Thoughts on the War and the Media

The news today that two suicide bombers blew up their cars in markets in Baghdad led me to study the reports as offered on several mainstream media sites. In none of the stories or related commentary was there any mention of the moral depravity required to detonate explosives laden vehicles in crowds of peaceful shoppers, killing and maiming hundreds. There was plenty of commentary on the "failing" American "surge" strategy or the horror of the "violence" in Iraq. But nowhere could I find anything about the nature of an enemy who would use such tactics.

War in the twenty-first century is as much about media reportage as it is about fighting and dying. Our terrorist enemies know this as well or better than we do. And in this environment the United States and the free world have no allies in our own media. On the contrary, the terrorists we fight in Iraq are helped by the US press to the extent that our media hold most of their criticism for the American military and its civilian leadership, while remaining strangely silent about the goals of people who slaughter thousands of innocent civilians. One can't avoid thinking that for the editors, publishers and media executives in New York and Los Angeles, weakening the US effort to free Iraq of terror is a higher priority than saving the lives of thousands of Iraqi civilians.

A prime example of this is CBS's Baghdad correspondent, Lara Logan. An attractive, articulate Brit, Logan reports on the daily carnage in Iraq. Her stories are peppered with negative impressions of the US effort to provide security for the Iraqis. Yet I have never heard her describe the enemy critically, or with any depth or insight. Not once that I have noticed has she colored her reporting with language that would imply that she finds terrorism morally reprehensible. She refers to the enemy much as one would to bad weather, as an inevitable, impersonal and uncontrollable force. She holds her moral outrage only for the American response to these despicable attacks. It is the strange world view of today's media. Ignore the people who commit the horror in order to save your slings and arrows for those trying to stop them.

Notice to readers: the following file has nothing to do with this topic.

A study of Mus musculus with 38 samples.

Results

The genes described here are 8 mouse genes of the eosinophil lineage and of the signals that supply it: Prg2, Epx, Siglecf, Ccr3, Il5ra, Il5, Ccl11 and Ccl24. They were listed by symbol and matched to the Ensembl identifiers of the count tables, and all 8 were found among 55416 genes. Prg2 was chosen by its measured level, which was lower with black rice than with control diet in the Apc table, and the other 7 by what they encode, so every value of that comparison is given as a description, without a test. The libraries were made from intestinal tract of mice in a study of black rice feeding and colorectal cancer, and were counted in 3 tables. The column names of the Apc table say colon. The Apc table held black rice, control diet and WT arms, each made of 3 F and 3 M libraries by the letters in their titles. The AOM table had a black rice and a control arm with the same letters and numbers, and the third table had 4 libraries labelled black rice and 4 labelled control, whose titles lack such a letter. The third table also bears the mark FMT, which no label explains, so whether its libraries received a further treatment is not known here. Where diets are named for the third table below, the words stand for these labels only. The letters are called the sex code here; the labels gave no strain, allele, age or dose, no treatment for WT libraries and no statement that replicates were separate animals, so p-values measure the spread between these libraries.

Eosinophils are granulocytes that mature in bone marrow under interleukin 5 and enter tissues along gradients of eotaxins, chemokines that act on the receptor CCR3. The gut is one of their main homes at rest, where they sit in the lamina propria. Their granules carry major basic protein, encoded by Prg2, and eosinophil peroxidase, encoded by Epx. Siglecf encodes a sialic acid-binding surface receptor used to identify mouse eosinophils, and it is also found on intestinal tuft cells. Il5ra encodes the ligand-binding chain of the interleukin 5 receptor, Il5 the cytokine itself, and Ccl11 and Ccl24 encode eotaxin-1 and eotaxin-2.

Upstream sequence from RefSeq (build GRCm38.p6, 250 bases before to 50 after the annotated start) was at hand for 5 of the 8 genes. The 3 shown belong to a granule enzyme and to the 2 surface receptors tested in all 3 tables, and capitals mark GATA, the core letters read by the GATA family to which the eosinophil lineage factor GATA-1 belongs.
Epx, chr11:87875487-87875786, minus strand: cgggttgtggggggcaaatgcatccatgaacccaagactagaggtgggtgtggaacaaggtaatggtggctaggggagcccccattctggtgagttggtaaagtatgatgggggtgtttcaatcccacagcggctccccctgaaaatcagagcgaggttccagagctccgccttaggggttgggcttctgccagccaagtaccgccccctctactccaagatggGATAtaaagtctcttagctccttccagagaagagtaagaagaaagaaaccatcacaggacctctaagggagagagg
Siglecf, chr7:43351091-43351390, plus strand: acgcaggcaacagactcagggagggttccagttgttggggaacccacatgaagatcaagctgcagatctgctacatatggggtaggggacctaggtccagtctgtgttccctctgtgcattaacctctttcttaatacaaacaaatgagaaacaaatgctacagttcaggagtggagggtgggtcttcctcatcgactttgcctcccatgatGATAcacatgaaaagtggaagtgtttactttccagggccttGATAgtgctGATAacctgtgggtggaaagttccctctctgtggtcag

Further, I find it strange that American television networks feel compelled to use foreigners to report on the War in Iraq. Granted, the British have been our allies in this war. But it is also true that the English people support the war in far fewer numbers than do Americans. The British press is almost uniformly anti-American, and certainly anti-war. Perhaps CBS and others using European correspondents think this is lost on Americans. But it is not lost on me and I think it is a good indication of how our television networks want to shape their message about the war.

The truth of the matter is that the European countries are no longer allies in the sense they were for most of the twentieth century. They are now strategic competitors on the global, media driven stage, much as are the Chinese or Brazilians or Indians. In fact, their interests are probably less aligned with ours than are countries that are striving, via free market capitalism, to reach first world status. In this new world order, I find it discomforting to have European correspondents being the life line to information about our efforts, just as I would if they were Chinese or Brazilian. Their cultural orientations are freely available on the BBC or France 24. I don't think it is unreasonable to expect that my country's television news be delivered by American correspondents, particularly in a war zone.

The American media and the Democrats are now fully employing a "slow bleed" strategy to force the Bush Administration into surrender. That is their right, as reprehensible as it is. If, as Hillary Clinton has said, the Democrats want us out of Iraq in the next three months, and they have the political capital to force such a plan, so be it. They will have to live with the results, which I suspect will leave them in the political wilderness for years to come, much as it did after Vietnam. But as both the press and the Democrats place their fortunes on retreat and failure, a strategy made possible only by actively stifling the motives and tactics of our enemies, I see a strategy void of any moral consciousness. That, I suspect, will not be lost on most Americans when, inevitably, the enemy returns to our shores.